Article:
What’s Old Is New Again
In a bid for built-in brand equity and proven plot lines, the latest crop of pilots again is heavy on adaptations. At least 15 efforts — or nearly a third of those pilots already ordered — have their roots in books (see Bill Lawrence’s I Suck at Girls effort at Fox), movies (CBS’ Beverly Hills Cop from Shawn Ryan), plays (NBC’s Assistance from Bachelorette’s Leslye Headland), graphic novels (NBC’s The Sixth Gun from Lost’s Carlton Cuse) and overseas series (CBS’ Backstrom from Bones’ Hart Hanson). And that doesn’t include the two spinoffs — from NCIS: LA and The Vampire Diaries) that are in contention at CBS and the CW, respectively.
All About Me
As it was during development season, semi-autobiographical fare again is garnering interest, with at least four projects in contention this pilot season. Among those who have taken “write what you know” to heart: Jim Gaffigan, whose CBS comedy pilot revolves around the stand-up comic as a happily married and harried New York City father of five — as he is in real life, and Adam F. Goldberg, whose ABC comedy How the Hell Am I Normal? is billed as a dysfunctional Wonder Years set in the simpler times of the 1980s and inspired by his childhood. NBC’s untitled DJ Nash effort, about a son who idolizes his blind father, is bemused by his mother’s newfound adolescence and watches his family come closer together postdivorce, is said to be based loosely on his life, too. The same can be said for NBC’s semi-autobiographical Joe, Joe & Jane from Joe Port and Joe Wiseman, which centers on a conflict-avoidant children’s book author caught in an ongoing tug of war between two needy, flawed people: his wife and his co-author/best friend.
STORY: TV Pilots 2013: The Complete Guide
Pilot Season Powerhouses
Former William Morris TV agent-turned-prolific producer Aaron Kaplan has landed three pilot orders already this season: the comedy Pulling at CBS, Friends With Better Lives at CBS and The Gates at NBC. Raising Hope showrunner Greg Garcia landed two half-hour pilots at CBS on the same day; both are set up at his new studio home, CBS Television Studios. Bad Teachers‘ Gene Stupnitsky and Lee Eisenberg have two pilots at ABC: Pulling and Trophy Wife, about a reformed party girl who finds herself with an instant family when she falls in love with a man who has three manipulative children and two judgmental ex-wives. Will Gluck‘s Olive Bridge nabbed a pilot order for The McCarthys at CBS; it joins his Michael J. Fox comedy, which garnered a straight-to-series full-season order at NBC. Rescue Me‘s Peter Tolan also has two pilots in contention — one at Fox (Greg Kinnear starrer Rake) and the other at CBS (the untitled Gaffigan comedy). And while Ted scribes Alec Sulkin, Wellesley Wild and Seth MacFarlane have only one project in Dad, but their comedy entry got a six-episode straight-to-series order at Fox.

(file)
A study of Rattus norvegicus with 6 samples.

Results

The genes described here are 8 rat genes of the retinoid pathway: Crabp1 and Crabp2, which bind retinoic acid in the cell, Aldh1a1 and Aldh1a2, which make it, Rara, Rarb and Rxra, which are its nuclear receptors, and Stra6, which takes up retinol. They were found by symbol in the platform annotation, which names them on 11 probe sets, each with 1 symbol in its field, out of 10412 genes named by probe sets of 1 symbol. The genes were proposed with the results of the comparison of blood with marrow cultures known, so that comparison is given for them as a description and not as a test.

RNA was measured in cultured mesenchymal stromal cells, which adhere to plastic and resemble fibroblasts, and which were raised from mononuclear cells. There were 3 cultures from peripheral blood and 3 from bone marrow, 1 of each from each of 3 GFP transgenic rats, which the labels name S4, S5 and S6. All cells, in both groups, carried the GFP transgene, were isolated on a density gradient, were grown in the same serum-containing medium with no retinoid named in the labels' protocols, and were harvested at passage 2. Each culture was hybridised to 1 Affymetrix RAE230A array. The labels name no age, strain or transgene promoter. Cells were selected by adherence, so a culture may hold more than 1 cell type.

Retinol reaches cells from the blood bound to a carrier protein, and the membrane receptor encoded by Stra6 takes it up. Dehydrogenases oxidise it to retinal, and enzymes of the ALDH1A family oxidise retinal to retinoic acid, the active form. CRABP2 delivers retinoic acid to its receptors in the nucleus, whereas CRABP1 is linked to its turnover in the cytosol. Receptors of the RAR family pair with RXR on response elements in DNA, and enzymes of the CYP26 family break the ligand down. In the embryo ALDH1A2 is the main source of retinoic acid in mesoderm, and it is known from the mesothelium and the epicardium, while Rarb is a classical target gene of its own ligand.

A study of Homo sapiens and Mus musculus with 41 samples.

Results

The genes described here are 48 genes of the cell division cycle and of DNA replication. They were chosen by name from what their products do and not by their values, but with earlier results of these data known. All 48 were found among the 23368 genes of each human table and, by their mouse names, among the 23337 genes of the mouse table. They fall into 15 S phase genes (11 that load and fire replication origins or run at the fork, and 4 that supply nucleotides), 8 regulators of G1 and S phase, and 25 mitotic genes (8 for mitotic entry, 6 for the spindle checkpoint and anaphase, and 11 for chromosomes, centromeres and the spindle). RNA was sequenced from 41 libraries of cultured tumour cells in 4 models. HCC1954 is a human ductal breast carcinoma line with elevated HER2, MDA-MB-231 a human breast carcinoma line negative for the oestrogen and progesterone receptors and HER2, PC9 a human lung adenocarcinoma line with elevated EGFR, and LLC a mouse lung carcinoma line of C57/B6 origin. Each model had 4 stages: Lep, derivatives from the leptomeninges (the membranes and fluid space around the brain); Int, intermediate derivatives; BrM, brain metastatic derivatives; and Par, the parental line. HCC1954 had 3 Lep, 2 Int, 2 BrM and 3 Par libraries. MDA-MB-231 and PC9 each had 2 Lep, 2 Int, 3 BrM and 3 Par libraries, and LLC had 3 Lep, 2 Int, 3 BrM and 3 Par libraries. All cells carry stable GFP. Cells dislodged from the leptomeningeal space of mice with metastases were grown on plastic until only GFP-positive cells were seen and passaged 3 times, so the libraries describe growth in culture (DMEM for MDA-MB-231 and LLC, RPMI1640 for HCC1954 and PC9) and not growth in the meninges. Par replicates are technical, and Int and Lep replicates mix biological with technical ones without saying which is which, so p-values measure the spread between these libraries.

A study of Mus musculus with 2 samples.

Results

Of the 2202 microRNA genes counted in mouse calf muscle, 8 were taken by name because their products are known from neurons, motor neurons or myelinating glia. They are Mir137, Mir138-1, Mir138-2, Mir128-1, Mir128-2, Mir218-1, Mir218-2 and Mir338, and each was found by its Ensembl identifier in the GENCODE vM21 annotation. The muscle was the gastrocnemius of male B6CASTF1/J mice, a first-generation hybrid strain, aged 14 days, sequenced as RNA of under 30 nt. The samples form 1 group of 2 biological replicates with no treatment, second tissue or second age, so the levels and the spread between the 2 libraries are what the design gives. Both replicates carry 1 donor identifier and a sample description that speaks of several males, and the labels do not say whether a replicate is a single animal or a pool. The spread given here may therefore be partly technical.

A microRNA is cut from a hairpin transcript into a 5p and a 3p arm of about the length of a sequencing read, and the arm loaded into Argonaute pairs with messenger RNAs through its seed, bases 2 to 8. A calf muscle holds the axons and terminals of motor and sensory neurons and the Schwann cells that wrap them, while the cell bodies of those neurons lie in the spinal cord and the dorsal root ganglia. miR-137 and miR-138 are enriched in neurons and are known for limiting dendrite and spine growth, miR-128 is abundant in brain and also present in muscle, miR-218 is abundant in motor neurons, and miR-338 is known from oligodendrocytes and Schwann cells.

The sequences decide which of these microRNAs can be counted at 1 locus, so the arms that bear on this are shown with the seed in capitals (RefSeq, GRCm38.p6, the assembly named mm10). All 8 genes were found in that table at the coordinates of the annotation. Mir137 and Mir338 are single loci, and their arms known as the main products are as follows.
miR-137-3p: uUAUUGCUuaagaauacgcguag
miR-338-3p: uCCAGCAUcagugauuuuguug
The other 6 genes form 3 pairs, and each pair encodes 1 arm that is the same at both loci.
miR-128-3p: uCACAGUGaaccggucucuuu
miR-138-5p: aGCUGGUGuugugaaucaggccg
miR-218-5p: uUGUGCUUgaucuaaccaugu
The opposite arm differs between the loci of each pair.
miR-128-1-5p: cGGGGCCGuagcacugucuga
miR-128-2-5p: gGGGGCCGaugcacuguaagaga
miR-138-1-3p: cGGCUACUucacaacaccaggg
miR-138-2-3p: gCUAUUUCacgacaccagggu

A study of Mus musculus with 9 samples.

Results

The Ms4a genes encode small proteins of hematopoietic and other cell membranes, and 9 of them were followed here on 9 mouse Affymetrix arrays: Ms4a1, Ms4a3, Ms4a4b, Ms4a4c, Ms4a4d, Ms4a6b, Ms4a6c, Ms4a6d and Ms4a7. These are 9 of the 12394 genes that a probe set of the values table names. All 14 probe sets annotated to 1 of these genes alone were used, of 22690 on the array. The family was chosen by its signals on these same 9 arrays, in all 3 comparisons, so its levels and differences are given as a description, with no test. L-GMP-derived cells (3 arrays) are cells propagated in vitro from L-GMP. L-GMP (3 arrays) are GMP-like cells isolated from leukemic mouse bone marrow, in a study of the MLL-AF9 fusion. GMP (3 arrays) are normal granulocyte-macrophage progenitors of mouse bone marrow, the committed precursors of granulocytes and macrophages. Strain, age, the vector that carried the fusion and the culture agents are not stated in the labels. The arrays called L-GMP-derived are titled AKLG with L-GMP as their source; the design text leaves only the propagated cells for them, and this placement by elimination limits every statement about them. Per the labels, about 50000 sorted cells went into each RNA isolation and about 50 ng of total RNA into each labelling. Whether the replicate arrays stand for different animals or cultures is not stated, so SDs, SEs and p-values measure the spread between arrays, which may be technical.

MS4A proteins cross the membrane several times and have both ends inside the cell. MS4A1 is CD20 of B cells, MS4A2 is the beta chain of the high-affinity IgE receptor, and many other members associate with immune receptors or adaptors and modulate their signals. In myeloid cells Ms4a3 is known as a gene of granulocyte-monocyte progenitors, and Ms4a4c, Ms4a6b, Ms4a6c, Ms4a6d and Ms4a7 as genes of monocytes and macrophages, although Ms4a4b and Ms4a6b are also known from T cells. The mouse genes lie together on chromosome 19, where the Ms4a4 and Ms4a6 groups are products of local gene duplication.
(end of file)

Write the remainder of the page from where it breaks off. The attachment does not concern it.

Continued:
Thirtysomethings Are the New Twentysomethings
Like its graying audience, the networks’ onscreen talent is aging, too. At least three comedy offerings this pilot season are focused not on the twentysomethings that populate such series as Happy Endings, Community and recently yanked Don’t Trust the B—- in Apt. 23 but rather on the slightly more mature thirtysomething set. ABC’s Pulling revolves around three dysfunctional women in their 30s living their lives the way they want, even if society tells them they should have it all figured out by this point. CBS has Friends With Better Lives, about a group of thirtysomething friends who all think the other has it better. And Fox has made a big bet on MacFarlane, Sulkin and Wild’s Dad, which focuses on two successful guys in their 30s who have their lives turned upside down when their nightmare fathers unexpectedly move in with them.
Finding Function in Dysfunction
At least two pilots in contention have the word “dysfunction” spelled our in their log lines. They are ABC’s Pulling and How the Hell Am I Normal? — from Eisenberg and Stupinsky — the duo who wrote Bad Teacher — and Goldberg, respectively. Although not explicitly stated, the descriptor also is likely to apply to the worlds created in such pilots as Fox’s Dad and CBS’ unauthorized Garcia effort, which centers on a recently divorced man whose life is complicated when his parents decide to move in with him, among others.